A regional composting facility is one step closer to being located on Argonaut Road in Campbell River.
City council gave first and second reading to a bylaw amendment last week that supports the composting facility, which would be located on a 47-acre property just north current landfill, but the facility still has some possibly significant hurdles to clear before it could begin operation.
The most major of these is that the parcel is located within the Agricultural Land Reserve, and composting is not recognized as a permitted use in the Agricultural Land Reserve Use, Subdivision and Procedure Regulation, so it must go through the process of being approved through a “non-farm use” application to the Agricultural Land Commission (ALC). The city forwarded the application on to the ALC “with support” last week to get the process started.
The property would also need to have “compost facility” added to the list of permitted uses for the parcel, which is zoned Industrial Four (I-4). While that zoning is used for heavy industrial and landfill operations, “the specific use of a compost facility does not appear to be contemplated in the I-4 zone,” the staff report on the matter says, but adds, “it is nevertheless consistent with the character of other permitted ises and is not considered to be out of place in that context.”
The zoning amendment, as always, would also have to go through the Public Hearing process to hear any concerns the public has with the idea.
But at least two members of council questioned why they would be sending the application in to the ALC with the city’s support for the project before they hold the public hearing.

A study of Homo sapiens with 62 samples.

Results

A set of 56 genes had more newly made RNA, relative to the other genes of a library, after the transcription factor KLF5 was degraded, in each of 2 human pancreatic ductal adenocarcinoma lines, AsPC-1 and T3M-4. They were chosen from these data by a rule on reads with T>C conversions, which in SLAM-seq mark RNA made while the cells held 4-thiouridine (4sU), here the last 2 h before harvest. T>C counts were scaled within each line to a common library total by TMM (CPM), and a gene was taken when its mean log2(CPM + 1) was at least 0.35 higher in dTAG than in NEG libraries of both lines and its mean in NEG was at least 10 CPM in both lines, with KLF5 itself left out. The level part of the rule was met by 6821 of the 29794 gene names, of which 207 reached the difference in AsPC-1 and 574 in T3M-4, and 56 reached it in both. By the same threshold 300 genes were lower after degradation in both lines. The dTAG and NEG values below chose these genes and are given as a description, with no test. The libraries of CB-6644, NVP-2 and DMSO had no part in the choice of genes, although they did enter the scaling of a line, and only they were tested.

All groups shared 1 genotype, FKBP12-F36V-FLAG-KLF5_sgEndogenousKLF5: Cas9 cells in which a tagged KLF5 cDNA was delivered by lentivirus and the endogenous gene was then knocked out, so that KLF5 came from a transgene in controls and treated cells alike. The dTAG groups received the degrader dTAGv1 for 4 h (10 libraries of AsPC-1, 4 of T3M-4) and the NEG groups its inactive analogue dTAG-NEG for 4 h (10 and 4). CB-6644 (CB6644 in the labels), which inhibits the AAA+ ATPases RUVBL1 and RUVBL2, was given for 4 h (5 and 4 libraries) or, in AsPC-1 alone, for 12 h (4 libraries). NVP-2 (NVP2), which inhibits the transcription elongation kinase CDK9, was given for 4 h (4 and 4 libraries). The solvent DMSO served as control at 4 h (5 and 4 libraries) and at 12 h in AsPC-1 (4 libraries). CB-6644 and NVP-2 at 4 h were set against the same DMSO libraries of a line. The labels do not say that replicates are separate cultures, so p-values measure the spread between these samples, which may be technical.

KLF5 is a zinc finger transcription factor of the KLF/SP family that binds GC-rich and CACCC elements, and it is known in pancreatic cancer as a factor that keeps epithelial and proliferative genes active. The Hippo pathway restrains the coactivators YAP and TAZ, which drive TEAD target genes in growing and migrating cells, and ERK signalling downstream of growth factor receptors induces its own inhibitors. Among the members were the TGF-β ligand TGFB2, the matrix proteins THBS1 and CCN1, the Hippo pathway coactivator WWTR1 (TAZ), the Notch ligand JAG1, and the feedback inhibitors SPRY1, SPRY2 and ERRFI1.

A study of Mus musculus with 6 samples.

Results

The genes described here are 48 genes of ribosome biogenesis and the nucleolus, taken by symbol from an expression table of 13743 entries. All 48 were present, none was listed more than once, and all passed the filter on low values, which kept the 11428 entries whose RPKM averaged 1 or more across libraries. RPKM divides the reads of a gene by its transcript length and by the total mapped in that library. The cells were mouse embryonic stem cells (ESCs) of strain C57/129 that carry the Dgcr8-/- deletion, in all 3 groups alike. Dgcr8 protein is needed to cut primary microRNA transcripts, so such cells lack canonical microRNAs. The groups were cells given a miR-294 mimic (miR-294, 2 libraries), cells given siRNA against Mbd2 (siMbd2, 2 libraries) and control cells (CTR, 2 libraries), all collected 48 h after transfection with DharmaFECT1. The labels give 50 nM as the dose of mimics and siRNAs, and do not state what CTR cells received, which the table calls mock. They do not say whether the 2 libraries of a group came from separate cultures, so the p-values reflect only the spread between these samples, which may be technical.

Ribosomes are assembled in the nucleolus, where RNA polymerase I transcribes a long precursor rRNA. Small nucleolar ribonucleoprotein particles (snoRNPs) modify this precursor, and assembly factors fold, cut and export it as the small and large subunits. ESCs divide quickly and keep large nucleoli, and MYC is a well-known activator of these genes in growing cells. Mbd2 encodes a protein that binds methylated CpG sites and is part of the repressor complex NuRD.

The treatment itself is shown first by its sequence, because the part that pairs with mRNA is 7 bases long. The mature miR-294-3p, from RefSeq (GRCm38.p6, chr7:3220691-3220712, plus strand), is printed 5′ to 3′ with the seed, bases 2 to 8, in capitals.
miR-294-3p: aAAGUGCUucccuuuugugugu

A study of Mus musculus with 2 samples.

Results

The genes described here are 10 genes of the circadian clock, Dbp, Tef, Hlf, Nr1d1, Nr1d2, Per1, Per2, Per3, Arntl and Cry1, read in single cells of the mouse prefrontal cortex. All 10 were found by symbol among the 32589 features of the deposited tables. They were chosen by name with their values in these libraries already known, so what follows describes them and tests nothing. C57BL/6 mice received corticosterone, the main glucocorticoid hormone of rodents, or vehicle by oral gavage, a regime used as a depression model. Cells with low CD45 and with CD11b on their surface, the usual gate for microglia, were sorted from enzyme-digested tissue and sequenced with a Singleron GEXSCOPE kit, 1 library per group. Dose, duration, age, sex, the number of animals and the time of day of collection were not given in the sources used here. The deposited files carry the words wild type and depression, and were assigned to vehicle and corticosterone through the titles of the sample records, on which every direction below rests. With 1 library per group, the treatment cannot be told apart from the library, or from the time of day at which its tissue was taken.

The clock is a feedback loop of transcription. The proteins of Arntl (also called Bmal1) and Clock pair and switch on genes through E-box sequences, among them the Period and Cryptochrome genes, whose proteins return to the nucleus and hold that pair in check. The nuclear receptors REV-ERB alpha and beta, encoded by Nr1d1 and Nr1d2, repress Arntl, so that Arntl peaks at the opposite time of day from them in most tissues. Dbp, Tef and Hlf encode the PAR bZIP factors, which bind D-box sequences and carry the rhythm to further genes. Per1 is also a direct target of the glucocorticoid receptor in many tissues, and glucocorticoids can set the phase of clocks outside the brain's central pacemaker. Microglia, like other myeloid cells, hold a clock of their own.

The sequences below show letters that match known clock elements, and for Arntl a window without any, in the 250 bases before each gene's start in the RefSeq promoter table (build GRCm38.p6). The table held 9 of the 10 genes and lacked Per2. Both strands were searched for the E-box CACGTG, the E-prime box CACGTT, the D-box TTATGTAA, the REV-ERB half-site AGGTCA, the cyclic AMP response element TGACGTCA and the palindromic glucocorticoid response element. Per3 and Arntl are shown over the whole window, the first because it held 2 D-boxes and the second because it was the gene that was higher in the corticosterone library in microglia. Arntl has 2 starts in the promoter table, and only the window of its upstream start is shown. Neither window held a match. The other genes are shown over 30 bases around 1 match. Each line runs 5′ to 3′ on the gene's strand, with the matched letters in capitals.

Coun. Clair Moglove asked exactly that question to staff last week.
“I have trouble with the ‘support’ part of it, because we haven’t had the public hearing yet,” she said. “Is that the regular procedure?”
Development planning supervisor Andy Gaylor said that the city is unable to approve an amendment to the zoning bylaw if it conflicts with the ALC resolution, “so in this case, the ALC’s decision to approve the non-farm use would have to occur before council could approve a zoning amendment,” so council wouldn’t even be able to consider the change if it’s not approved beforehand by the ALC.
That seemed to be enough for Moglove to vote in favour, but not Coun. Charlie Cornfield, who had similar concerns.
“There’s no way I can support submitting to the ALC with support prior to going to public hearing,” Cornfield said. “If you pass it saying you’re in support your mind is already made up, and I think we should do the public hearing first so we can hear what the public’s comments are and at that time it can go into the ALC.”
The motion passed with only Cornfield opposed, so a public hearing will be held at the start of the July 8 public meeting in council chambers where the public can have its say on the matter.